Truth is, when you have vertigo, life stops - Oliver Adunka
image by: Atlas Brain & Spine
In the American sitcom Arrested Development, Liza Minnelli plays Lucille Austero, a wealthy widow with chronic vertigo. Across four seasons, the condition became a regular source of jokes as she’s hit by the spins and shown taking tumbles for big laughs. It’s played like physical comedy—slow-motion slapstick with a medical origin.
As a teenager, I was obsessed with Minnelli’s character. I used her exaggerated “I’m okay” to garner (no) sympathy from my dad when pulling myself off the couch after too many hours of lounging. Over ten years have passed and I still giggle when I re-watch episodes, though my 54-year-old father, Kevin, now suffers from vertigo.
His world started spinning…
The causes of vertigo may be central (involving the brainstem or cerebellum) or peripheral (involving the inner ear). A careful history and physical examination can distinguish between these causes. The most common causes of vertigo seen in primary care are benign paroxysmal positional vertigo (BPPV), vestibular neuronitis (VN) and Ménière’s disease.
Finding vertigo’s true cause can be frustrating, sometimes even impossible. It’s a symptom of many things: BPPV, labyrinthitis and vestibular neuritis, secondary hydrops, perilymph fistula, or none of these; the root of vertigo could also be genetic or environmental. Some in the field describe migraine-related vertigo as “the great mimicker” for its ability to imitate other conditions.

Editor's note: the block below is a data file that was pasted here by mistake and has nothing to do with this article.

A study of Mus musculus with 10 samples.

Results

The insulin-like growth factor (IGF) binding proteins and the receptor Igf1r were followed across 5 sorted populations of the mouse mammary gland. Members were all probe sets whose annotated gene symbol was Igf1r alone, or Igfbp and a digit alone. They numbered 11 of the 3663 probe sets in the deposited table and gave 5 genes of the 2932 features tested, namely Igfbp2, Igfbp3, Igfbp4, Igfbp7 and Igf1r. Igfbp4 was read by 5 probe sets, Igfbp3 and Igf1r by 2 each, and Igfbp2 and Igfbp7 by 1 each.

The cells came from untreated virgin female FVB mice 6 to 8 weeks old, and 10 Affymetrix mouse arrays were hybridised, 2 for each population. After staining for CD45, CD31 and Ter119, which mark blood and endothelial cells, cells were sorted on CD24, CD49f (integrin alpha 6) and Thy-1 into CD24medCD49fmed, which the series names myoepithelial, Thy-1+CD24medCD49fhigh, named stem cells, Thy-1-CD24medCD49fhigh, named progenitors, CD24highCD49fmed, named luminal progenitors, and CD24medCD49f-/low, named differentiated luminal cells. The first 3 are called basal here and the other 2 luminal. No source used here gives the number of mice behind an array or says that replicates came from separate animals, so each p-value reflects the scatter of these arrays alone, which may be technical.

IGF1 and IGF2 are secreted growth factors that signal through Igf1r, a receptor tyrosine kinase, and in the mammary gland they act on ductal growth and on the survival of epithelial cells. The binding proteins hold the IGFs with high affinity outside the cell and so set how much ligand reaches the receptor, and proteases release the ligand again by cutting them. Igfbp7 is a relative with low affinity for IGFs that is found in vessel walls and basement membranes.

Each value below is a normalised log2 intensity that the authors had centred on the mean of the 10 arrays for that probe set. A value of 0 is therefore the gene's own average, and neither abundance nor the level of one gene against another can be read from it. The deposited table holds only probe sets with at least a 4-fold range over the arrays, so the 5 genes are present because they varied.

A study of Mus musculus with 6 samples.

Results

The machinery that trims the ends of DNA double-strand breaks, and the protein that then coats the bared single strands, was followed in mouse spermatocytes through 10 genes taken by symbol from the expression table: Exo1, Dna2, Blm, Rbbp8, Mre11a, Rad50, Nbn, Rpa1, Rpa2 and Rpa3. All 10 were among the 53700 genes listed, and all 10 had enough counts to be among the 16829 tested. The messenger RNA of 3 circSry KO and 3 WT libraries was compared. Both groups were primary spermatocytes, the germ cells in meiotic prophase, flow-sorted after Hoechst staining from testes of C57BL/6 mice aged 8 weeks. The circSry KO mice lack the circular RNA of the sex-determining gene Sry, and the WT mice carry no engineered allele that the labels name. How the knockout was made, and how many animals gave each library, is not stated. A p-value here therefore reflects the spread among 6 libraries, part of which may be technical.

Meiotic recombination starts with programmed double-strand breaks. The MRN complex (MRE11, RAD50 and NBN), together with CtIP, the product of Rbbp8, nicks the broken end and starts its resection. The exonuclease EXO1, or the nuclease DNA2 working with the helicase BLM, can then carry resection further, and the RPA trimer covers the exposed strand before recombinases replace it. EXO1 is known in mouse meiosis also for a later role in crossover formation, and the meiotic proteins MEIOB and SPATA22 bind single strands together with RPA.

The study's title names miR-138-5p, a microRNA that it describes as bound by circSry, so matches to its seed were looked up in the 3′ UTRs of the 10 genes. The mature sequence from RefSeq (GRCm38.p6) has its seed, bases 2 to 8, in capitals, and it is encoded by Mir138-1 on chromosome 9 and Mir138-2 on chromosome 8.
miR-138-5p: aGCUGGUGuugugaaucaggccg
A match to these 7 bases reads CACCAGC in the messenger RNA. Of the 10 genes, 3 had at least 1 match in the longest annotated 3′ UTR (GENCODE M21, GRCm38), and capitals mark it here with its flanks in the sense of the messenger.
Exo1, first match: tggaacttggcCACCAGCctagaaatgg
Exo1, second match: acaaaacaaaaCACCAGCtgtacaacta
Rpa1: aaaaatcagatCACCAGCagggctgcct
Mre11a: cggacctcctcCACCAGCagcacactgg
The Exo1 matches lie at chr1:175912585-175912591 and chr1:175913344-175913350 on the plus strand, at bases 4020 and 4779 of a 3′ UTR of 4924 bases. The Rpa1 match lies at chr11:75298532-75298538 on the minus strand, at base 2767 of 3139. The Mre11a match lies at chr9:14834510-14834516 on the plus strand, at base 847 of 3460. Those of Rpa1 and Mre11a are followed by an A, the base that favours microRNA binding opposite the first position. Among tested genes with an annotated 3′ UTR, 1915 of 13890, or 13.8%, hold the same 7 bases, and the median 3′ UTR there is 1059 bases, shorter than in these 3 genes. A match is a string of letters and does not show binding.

It comes on suddenly. You feel like you're spinning—or maybe the world is spinning around you. Your stomach heaves, and you hold onto something so you don't fall. This is vertigo, a hallucination of motion—a mismatch between reality and the signals your eyes, inner ears, and sense of touch are sending your brain. Vertigo is a symptom, not a disease—an indication that something is wrong in the body—and it's surprisingly common.
Significant advancements have occurred in the field of vestibular medicine (specialty dealing with the symptoms of dizziness and vertigo) over the past 20 years. BalanceMD, led by Dr. Scott K Sanders, has the most up-to-date diagnostic technology and knowledge to help you with your symptoms.
Dizziness is the sensation of instability. Vertigo refers to dizziness with a sensation of motion. Vertigo is more likely than other types of dizziness to be associated with nausea, vomiting, or double vision, to occur even when lying down, and to feel better with the eyes closed. If you are a frequent sufferer of dizziness or vertigo, join the group and find support.
Whirled Foundation was born in the lounge room of one Menieres disease sufferer who wanted to make a difference. Today it has evolved into a national organisation with international links focusing on helping all with vestibular disorders.
During an evaluation for vertigo, the health care professional may obtain a full history of the events and symptoms. This includes medications that have been taken (even over-the-counter medications), recent illnesses, and prior medical problems (if any). Even seemingly unrelated problems may provide a clue as to the underlying cause of the vertigo.